REMOVAL OF SUITS FROM THE STATE COURTS
ACTS OF CONGRESS UPON THE SUBJECT OF NAT
We have concluded that it might be interesting to the general reader to have a short history of the Great Charter.
Magna Charta, or the Great Charter of Liberty, was, by the united efforts of the nobility, clergy, and commonalty of England, wrested from King John, one of the most unscrupulous, tyrannical, and treacherous, but, at the same time pusillanimous sovereigns, ever on a throne. Of the great actors in that scene, it was, in 1770, said by Lord Chatham, in the House of Peers: “Their virtues were rude and uncultivated, but they were great and sincere. Their understandings were as little polished as their manners, but they had hearts to distinguish right from wrong. They had heads to distinguish truth from falsehood. They understood the rights of humanity, and they had the spirit to maintain them."
The Charter was granted to a congress of Barons, convened at Runnymede, which is said by Leland, the great antiquary, to have been so called from two Saxon words signifying the “Council Meadow,” the same having been used in old Saxon times as a place of Assembly. The Charter bears date June 15th, 1215, being 149 years after the Norman Conquest.
The copy we now present is not that of the Charter having the royal seal of John. That monarch died soon after the grant of Magna Charta, and his infant son, Henry III, was crowned as his successor. thought expedient by the Earl of Pembroke, Protector of the Kingdom, and whose name is the first of the Barons appended to John's Charter, that Magna Charta should be renewed by him. History informs us that as often as five times, during the reign of Henry, the Charter was ratified and confirmed. The form in which it now appears is that given to it in the ninth year of Henry III, and the same in which it appears at the head of the Statute Books of England. It is printed from the inspeximus, and confirmation of it by Edward the First.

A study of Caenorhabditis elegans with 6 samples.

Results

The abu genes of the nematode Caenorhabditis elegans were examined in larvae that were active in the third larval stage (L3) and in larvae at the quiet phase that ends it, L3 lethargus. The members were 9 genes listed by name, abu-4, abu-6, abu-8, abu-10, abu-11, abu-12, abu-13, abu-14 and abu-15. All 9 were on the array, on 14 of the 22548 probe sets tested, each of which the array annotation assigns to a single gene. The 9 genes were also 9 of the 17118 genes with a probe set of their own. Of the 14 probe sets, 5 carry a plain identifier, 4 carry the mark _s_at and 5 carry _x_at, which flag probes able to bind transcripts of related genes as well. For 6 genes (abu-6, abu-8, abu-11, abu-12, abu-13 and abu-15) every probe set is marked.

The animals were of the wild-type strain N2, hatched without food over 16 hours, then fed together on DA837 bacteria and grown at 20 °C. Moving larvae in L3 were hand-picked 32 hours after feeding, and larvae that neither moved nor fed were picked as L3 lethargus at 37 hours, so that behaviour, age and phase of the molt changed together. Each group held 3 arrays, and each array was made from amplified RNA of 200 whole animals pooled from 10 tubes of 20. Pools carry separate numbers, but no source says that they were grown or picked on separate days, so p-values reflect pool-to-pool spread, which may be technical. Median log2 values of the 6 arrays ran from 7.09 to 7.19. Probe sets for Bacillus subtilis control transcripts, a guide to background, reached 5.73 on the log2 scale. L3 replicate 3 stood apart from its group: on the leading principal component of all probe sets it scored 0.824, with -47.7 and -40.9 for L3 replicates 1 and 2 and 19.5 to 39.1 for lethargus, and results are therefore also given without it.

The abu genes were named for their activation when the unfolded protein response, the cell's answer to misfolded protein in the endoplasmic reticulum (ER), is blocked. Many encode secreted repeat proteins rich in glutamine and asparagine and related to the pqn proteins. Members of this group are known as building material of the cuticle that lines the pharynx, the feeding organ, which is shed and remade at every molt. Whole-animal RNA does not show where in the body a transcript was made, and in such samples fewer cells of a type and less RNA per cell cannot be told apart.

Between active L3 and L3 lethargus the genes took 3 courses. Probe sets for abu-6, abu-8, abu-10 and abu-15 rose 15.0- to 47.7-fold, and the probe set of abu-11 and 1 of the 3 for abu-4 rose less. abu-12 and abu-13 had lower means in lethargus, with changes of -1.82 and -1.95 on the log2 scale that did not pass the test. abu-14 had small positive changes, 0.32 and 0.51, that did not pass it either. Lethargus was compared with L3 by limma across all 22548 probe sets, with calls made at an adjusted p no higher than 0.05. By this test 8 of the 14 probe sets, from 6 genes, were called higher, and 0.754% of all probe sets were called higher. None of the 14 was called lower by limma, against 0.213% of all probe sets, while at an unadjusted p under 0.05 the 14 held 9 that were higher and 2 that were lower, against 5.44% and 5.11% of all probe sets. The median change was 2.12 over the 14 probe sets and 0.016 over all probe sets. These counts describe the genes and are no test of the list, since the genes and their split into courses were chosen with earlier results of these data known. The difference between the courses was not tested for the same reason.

For a full comment on its most important passages, and for explanatory notes, the reader is referred to the very interesting and instructive work of Professor E. S. Creasy, entitled “The Rise and Progress of the English Constitution.”—EDITORS.
THE GREAT CHARTER,
(TRANSLATED AS IN THE STATUTES AT LARGE),
MADE IN THE NINTH YEAR OF KING HENRY THE THIRD, AND
FIVE-AND-TWENTIETH YEAR OF HIS REIGN.
EDWARD, by the grace of God, King of England, Lord of Ireland, and Duke of Guyan: to all archbishops, &c. We have seen the Great Charter of the Lord Henry, sometimes King of England, our father, of the Liberties of England, in these words:
"HENRY, by the grace of God, King of England, Lord of Ireland, Duke of Normandy and Guyan, and Earl of Anjou: to all archbishops, bishops, abbots, priors, earls, barons, sheriffs, provosts, and officers, and to all bailiffs and other our faithful subjects, which shall see this present Charter, greeting: Know ye that We, unto the honour of Almighty God, and for the salvation of the souls of our progenitors and successors, kings of England, to the advancement of Holy Church and amendment of our realm, of our mere and free will have given and granted to all archbishops, bishops, abbots, priors, earls, barons, and to all freemen of this our realm, these liberties following, to be kept in our kingdom of England forever.”
A Confirmation of Liberties. FIRST, we have granted to God, and by this our present Charter have confirmed for us and our heirs forever, that the Church of England shall be free, and shall have all her whole rights and liberties inviolable. We have granted also, and given to all the freemen of our realm, for us and our heirs forever, these liberties, under-written, to have and to hold to them and their heirs, of us and our heirs forever.